Marawi (Philippines)-On his Facebook profile page Omarkhayam Romato Maute describes himself as a “Walking Time-Bomb.”
When a band of militants led by Omarkhayam and one of his brothers overran a town in the southern Philippines on May 23, festooning its alleyways with the black banners of ISIS, the Facebook description seemed appropriate.
Governments across Southeast Asia had been bracing for the time when ISIS, on a back foot in Iraq and Syria, would look to establish a ‘caliphate’ in Southeast Asia and become a terrifying threat to the region.
“The Middle East seems a long way away but it is not. This is a problem which is amidst us,” Singapore Prime Minister Lee Hsien Loong told Australian radio on Saturday as the battle to re-take Marawi neared the end of the third week, with a death toll of nearly 200. “It is a clear and present danger.”
Omarkhayam and Abdullah Maute grew up with several other brothers and sisters in Marawi, a Muslim-majority town in a country where over 90 percent of the population is Christian.
Marawi is, historically, the center of Islam on Mindanao, a sprawling island where violent resistance to authority has been a tradition since the era of Spanish colonialism, spurred in recent decades by poverty and the neglect of successive governments.
As teenagers in the 1990s, the brothers seemed like ordinary young men, said a neighbor of the Maute family: they studied English and the Qur’an, and played basketball in the streets.
“We still wonder why they fell to ISIS,” said the neighbor, who was once an extremist himself and surrendered to the government.
“They are good people, religious. When someone gets to memorize the Qur’an, it’s unlikely for them to do wrong. But this is what happened to the brothers.”
In the early 2000s, Omarkhayam and Abdullah studied in Egypt and Jordan, respectively, where they became fluent in Arabic.
Omarkhayam went to al-Azhar University in Cairo, where he met the daughter of a conservative Indonesian Islamic cleric. After they married, the couple returned to Indonesia. There, Omarkhayam taught at his father-in-law’s school, and in 2011 he settled back in Mindanao.
It may have been then, and not when he was in the Middle East, that Omarkhayam was radicalized.
In Cairo “none of his fellow students saw him as having any radical tendencies at all,” Jakarta-based anti-terrorism expert Sidney Jones wrote in a 2016 report.
Little is known about Abdullah’s life after he went to Jordan, and it is not clear when he returned to Lanao del Sur, the Mindanao province that includes Marawi.
Intelligence sources said there are seven brothers and one half-brother in the family, all but one of whom joined the battle for Marawi.
The Mautes were a monied family in a close-knit tribal society where respect, honor and the Qur’an are paramount.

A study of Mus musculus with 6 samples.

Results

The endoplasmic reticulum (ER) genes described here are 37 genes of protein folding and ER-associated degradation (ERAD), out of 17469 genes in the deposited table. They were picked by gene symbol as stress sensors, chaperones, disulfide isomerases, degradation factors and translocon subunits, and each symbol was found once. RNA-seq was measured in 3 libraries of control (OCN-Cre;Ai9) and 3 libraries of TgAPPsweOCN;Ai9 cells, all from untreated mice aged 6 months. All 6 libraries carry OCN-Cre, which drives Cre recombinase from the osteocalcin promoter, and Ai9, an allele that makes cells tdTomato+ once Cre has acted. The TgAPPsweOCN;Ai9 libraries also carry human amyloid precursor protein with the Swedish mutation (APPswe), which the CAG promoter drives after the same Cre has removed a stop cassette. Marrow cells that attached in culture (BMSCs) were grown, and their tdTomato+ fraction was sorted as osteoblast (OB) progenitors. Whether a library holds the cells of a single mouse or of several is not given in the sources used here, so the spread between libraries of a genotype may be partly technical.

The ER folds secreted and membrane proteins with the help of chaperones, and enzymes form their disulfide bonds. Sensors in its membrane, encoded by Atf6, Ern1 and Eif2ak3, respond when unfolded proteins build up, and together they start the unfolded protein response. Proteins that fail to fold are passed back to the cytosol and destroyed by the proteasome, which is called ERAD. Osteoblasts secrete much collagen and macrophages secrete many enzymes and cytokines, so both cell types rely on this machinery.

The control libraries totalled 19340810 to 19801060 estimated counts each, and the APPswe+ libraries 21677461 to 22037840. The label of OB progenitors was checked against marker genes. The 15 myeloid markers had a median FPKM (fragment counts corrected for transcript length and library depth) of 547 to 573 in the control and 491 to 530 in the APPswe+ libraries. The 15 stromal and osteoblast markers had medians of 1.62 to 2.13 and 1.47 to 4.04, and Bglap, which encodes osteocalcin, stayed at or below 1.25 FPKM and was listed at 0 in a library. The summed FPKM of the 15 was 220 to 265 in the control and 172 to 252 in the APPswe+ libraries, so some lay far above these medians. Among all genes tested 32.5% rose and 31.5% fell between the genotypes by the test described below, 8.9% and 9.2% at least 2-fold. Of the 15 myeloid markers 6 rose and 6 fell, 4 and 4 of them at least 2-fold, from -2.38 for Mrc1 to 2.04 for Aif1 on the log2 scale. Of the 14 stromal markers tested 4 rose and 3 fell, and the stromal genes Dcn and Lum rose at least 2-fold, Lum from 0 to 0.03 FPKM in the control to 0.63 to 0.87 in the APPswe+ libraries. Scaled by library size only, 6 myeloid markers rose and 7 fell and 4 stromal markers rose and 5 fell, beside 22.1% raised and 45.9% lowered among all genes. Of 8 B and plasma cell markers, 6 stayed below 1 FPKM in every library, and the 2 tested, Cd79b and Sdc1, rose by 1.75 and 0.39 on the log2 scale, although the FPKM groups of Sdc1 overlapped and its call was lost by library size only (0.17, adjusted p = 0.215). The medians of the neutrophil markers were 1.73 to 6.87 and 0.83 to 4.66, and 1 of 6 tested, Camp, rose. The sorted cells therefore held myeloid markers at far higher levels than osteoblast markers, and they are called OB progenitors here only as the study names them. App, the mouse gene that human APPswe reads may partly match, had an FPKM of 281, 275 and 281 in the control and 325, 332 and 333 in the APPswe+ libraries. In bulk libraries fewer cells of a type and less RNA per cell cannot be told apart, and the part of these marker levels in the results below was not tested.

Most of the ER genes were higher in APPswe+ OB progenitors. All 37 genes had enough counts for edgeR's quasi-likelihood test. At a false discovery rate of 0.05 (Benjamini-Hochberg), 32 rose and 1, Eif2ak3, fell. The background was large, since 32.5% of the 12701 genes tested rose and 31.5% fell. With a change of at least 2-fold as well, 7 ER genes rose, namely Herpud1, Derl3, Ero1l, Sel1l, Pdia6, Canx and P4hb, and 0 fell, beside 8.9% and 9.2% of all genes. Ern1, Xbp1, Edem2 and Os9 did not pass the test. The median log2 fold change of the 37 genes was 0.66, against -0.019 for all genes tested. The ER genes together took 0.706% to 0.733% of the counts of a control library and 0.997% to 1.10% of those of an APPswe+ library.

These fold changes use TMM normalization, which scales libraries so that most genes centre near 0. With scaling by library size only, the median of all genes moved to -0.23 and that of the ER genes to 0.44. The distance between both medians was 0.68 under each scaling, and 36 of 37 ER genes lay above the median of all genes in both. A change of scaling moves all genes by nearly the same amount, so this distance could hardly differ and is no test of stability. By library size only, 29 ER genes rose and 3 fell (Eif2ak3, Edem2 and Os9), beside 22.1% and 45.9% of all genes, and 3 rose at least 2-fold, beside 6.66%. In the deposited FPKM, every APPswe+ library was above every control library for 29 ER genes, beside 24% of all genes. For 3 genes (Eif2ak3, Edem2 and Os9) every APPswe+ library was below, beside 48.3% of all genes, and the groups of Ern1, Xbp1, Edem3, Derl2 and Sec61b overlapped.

Military spokesman Lieutenant Colonel Jo-Ar Herrera said the ‘Maranao’ clan, to which the Mautes belong, has a matriarchal tradition, and so their mother played a central role.
He said Farhana Maute, who according to the neighbor had furniture and used-car businesses, helped finance the group, and she drove recruitment and radicalization of local youths.
On Friday, she was stopped outside Marawi in a vehicle loaded with firearms and explosives and taken into custody. It was a major blow for the militants, according to Herrera, as she had been the “heart of the Maute organization.”
A day previously, the brothers’ father, an engineer, was arrested in Davao City, 250 km (155 miles) away.
When the Marawi siege began, several hundred militants were involved, including men from nations as far away as Morocco and Yemen. But most of the marauders, who took civilians as human shields and torched the town cathedral, were from four local groups allied to ISIS, and in the lead were the Maute, military officials said.
According to Jones, the Maute group has “the smartest, best-educated and most sophisticated members” of all the pro-ISIS outfits in the Philippines.
Samira Gutoc-Tomawis, a local civic leader who knows some of the Maute’s extended family, said the brothers rely heavily on social media to recruit young followers and spread their “rigid and authoritarian” ideology.
The leader of the ISIS himself ordered the siege of Marawi City, which has been ravaged by prolonged clashes between government forces and Maute militants for the past three weeks, President Rodrigo Duterte said on Sunday.
Speaking to reporters in Cagayan de Oro City, Duterte said ISIS Leader Abu Bakr al-Baghdadi “specifically ordered the conduct of terrorist activities in the Philippines.”
For his part, Foreign Affairs Minister Allan Peter Cayetano said in an independence day speech in Manila that the militants’ had planned to take over at least two or three cities in Mindanao.
Their plot was foiled because troops made a preemptive raid on Marawi to capture Isnilon Hapilon, leader of the Abu Sayyaf group and ISIS’s “emir” of Southeast Asia.
“We want to coordinate very well with Indonesia and Malaysia so they won’t also suffer in the hands of extremists,” he said.
“But the president knew at the start of his term that, as the allies become more successful in Syria and Iraq, ISIS will be looking for a land base, and Indonesia, Malaysia and the Philippines will be a potential target to them.”
Washington said at the weekend it was providing support to the Armed Forces of the Philippines to clear the militants from pockets of Marawi. Manila said this was technical assistance and there were no US “boots on the ground”.